OpinionWhat Rashida Tlaib reveals about how the left really feels on antisemitism


Even after being censured by the House of Representatives for her antisemitic remarks and for spreading Hamas propaganda, with 22 Democrats voting to rebuke her, Tlaib doubled down, saying she would not be silenced and that her words were being distorted. 

So how are we to determine where pro-Palestinian sentiment ends and antisemitism begins? 


Over at the progressive New York Magazine, Eric Levitz has an answer. What’s not surprising is that it exonerates Tlaib, what is surprising is that it is an absolute refutation of two decades of progressive orthodoxy about bigotry. 

Tlaib addresses Jewish Voice protesters

Rep. Rashida Tlaib, D-Mich., speaks during a demonstration calling for a ceasefire in Gaza near the Capitol in Washington on Wednesday, Oct. 18, 2023. (AP Photo/Amanda Andrade-Rhoades)

Here’s what he says: 

“Too often, arguments about antisemitism get bogged down in assertations about a given claim’s motivation, which in most cases is unknowable. So in determining whether a statement should be branded as antisemitic, let’s focus on its explicit meaning, not its alleged motivation.” 

It is utterly astounding. 

This is the 180-degree opposite of everything the left has said about racism, sexism and transphobia as it pounded into our heads that we shouldn’t use terms like “you guys,” “peanut gallery,” or “mother” even if our motivation is purely innocent. 

They reinforce harmful stereotypes, you see. 

The entire basis of critical race theory from Peggy McIntosh’s “Invisible Knapsack” to Ibram X Kendi’s “Antiracist Baby” is that motivation or intent is completely irrelevant when judging if a statement is racist.

Why is this rule different for antisemitism? Why is anything short of “I want you in a gas chamber,” nuanced? 

We have also been told that demographic groups themselves decide what is and isn’t offensive to say about them. If a Black person or a gay person or a Martian tells us something crosses a line, the left says we must respect that. 

Hamas terrorists inside Israel during attack

This image made from undated bodycam video footage taken by a downed Hamas terrorist and released by Israel Defense Forces shows him walking around a residential neighborhood at an undisclosed location in southern Israel during the Hamas terror attack on Oct. 7. (Israel Defense Forces via AP)

But here we have Jews all over the country insisting not only that these slogans are antisemitic and hurtful, but that they are causing legitimate fear of violence.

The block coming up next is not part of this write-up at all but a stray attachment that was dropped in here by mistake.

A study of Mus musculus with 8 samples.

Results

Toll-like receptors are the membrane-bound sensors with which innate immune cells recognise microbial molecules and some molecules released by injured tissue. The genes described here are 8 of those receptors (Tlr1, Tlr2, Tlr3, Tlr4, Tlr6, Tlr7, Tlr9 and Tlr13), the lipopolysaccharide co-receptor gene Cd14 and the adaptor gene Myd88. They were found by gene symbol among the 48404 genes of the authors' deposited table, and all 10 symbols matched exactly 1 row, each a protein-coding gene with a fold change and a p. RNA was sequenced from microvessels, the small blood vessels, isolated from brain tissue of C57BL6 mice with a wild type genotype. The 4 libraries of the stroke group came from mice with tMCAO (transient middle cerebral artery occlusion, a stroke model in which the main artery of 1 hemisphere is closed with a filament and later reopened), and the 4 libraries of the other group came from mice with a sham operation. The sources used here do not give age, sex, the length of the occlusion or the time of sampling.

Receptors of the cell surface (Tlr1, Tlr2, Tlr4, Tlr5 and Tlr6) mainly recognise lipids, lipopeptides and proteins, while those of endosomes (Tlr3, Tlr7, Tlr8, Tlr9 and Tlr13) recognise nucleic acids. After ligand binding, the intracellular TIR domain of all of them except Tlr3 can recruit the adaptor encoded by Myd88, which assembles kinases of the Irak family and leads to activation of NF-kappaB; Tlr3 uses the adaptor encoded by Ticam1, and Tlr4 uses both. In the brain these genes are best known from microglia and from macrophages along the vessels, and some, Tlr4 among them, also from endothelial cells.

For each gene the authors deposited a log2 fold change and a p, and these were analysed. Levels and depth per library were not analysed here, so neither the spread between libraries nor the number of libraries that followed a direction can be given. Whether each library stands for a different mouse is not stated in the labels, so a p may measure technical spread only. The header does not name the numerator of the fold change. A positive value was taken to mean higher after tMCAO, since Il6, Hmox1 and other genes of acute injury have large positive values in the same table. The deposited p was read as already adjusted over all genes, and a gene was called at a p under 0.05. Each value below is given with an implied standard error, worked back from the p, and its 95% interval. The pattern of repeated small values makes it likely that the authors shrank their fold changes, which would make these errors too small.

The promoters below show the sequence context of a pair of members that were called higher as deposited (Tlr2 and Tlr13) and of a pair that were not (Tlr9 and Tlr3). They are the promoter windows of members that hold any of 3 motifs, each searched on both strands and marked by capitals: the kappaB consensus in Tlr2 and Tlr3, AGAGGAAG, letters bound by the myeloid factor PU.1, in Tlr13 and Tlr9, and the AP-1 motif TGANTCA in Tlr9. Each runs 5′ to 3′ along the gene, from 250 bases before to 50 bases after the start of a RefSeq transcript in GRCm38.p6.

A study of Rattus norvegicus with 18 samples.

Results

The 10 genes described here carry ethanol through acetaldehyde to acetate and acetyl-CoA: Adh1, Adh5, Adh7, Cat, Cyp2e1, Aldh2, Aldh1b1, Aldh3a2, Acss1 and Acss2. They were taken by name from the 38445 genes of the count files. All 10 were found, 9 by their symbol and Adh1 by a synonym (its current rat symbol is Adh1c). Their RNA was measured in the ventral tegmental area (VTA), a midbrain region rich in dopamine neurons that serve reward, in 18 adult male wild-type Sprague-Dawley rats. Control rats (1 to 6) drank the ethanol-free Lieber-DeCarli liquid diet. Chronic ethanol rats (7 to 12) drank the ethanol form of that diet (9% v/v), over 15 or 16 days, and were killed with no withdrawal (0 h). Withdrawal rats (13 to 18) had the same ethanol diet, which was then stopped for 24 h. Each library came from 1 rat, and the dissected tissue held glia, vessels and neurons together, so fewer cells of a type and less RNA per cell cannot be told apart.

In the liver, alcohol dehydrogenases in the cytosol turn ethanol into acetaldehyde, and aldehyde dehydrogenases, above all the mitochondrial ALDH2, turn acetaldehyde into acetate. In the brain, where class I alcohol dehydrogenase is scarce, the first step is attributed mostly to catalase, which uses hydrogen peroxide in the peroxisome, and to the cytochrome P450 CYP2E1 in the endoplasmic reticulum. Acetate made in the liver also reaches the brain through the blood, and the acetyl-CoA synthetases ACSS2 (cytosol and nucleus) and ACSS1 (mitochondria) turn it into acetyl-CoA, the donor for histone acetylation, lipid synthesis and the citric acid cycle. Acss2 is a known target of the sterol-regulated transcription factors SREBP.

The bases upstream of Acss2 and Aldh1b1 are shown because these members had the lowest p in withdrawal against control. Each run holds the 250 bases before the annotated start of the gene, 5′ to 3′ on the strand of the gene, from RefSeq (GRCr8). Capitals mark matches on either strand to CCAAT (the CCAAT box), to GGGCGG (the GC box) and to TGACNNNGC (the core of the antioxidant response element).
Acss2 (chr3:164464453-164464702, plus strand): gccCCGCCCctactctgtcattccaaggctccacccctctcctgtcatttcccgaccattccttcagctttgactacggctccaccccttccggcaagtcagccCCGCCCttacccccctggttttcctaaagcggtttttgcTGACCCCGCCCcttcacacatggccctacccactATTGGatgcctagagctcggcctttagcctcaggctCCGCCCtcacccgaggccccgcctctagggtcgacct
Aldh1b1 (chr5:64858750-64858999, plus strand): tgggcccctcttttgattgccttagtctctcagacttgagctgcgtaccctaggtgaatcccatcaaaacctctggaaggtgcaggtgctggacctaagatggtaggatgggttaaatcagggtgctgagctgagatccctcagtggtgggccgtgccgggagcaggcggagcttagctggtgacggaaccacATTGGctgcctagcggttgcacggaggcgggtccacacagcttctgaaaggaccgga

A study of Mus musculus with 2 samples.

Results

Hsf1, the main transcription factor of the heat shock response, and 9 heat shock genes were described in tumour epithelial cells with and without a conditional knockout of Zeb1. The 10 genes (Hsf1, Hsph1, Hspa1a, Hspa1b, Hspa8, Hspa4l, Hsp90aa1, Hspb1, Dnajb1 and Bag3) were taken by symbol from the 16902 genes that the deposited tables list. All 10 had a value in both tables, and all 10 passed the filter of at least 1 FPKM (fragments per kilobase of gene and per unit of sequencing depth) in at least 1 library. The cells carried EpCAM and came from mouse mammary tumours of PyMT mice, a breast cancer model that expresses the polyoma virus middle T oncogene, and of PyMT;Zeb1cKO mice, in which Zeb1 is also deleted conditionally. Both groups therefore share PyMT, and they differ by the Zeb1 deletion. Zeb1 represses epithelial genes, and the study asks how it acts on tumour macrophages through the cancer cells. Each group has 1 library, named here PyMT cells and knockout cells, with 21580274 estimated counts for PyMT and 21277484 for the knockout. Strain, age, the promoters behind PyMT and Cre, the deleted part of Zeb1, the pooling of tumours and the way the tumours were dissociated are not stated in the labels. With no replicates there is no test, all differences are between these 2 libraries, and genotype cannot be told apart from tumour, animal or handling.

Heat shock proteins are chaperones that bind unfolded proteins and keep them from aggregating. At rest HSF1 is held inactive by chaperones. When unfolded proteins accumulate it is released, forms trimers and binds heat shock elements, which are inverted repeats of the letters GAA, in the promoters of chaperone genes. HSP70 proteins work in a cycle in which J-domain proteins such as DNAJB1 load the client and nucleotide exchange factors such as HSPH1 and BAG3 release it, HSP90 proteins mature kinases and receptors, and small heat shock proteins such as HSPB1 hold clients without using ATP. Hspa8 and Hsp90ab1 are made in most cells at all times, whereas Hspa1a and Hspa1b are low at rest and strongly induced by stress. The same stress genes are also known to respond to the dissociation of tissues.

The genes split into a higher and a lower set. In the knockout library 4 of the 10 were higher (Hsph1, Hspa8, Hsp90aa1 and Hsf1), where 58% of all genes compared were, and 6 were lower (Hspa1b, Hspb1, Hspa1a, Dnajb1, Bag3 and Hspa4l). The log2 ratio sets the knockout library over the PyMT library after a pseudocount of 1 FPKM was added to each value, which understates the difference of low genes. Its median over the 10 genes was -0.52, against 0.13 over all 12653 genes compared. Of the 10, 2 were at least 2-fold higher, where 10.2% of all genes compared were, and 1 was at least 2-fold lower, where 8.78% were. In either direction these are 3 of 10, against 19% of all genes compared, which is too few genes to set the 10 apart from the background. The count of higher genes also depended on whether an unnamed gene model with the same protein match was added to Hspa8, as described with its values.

Where is the “words are literally violence” crowd as Jewish students are accosted and harassed on college campuses, in one case by the editor of Harvard Law Review. 

The double standard is glaring. 

For every other group, we must walk on ever-shifting eggshells so as not to microagress, but when it comes to Jews, well, they oughta just be less sensitive. 

This is the pernicious and predictable, actual bigotry of a progressive left that can only see things through the lens of oppressor and oppressed. 

In this sad, twisted matrix, the oppressed can never be wrong, no matter how foul their motivations, no matter how many they kill. And the oppressor, unless they are actively fighting the alleged oppression, props up systemic bigotry merely by existing. 

The saddest part of this is that, of course, Levitz is correct. Obviously, motivation and intent should be taken into account with allegations of bigotry. But if we apply this standard, with its high bar to antisemitism, why not to every form of bigotry? 

It is possible to make a distinction between someone marching in general support of Palestinians and someone chanting, “Glory to the martyrs,” which is very much an explicit call to murder more Jews.  

Why is this rule different for antisemitism? Why is anything short of “I want you in a gas chamber,” nuanced? 

That is a distinction that most Americans would be comfortable with, but Tlaib and her band of loony leftists won’t even call out “Glory to the martyrs.”  


No, for today’s American progressive, the double standard is the point. The rules of political correctness were never rules at all. They were an academic Rube Goldberg device meant to distract from the left’s one and only true goal, power. 

In pursuit of this power, or as they call it, social justice, anything is fair game, even tearing down missing posters of kidnapped babies being held hostage. 


Americans must, and eventually will, defeat this perverse ideology that places us all into demographic boxes and turns a sly, blind eye to even abject antisemitism.  

But until that happens, until our society utterly rejects the double standards of identity politics, a lot of Jews are going to take a lot of abuse, and silence in the face of that abuse is indeed complicity.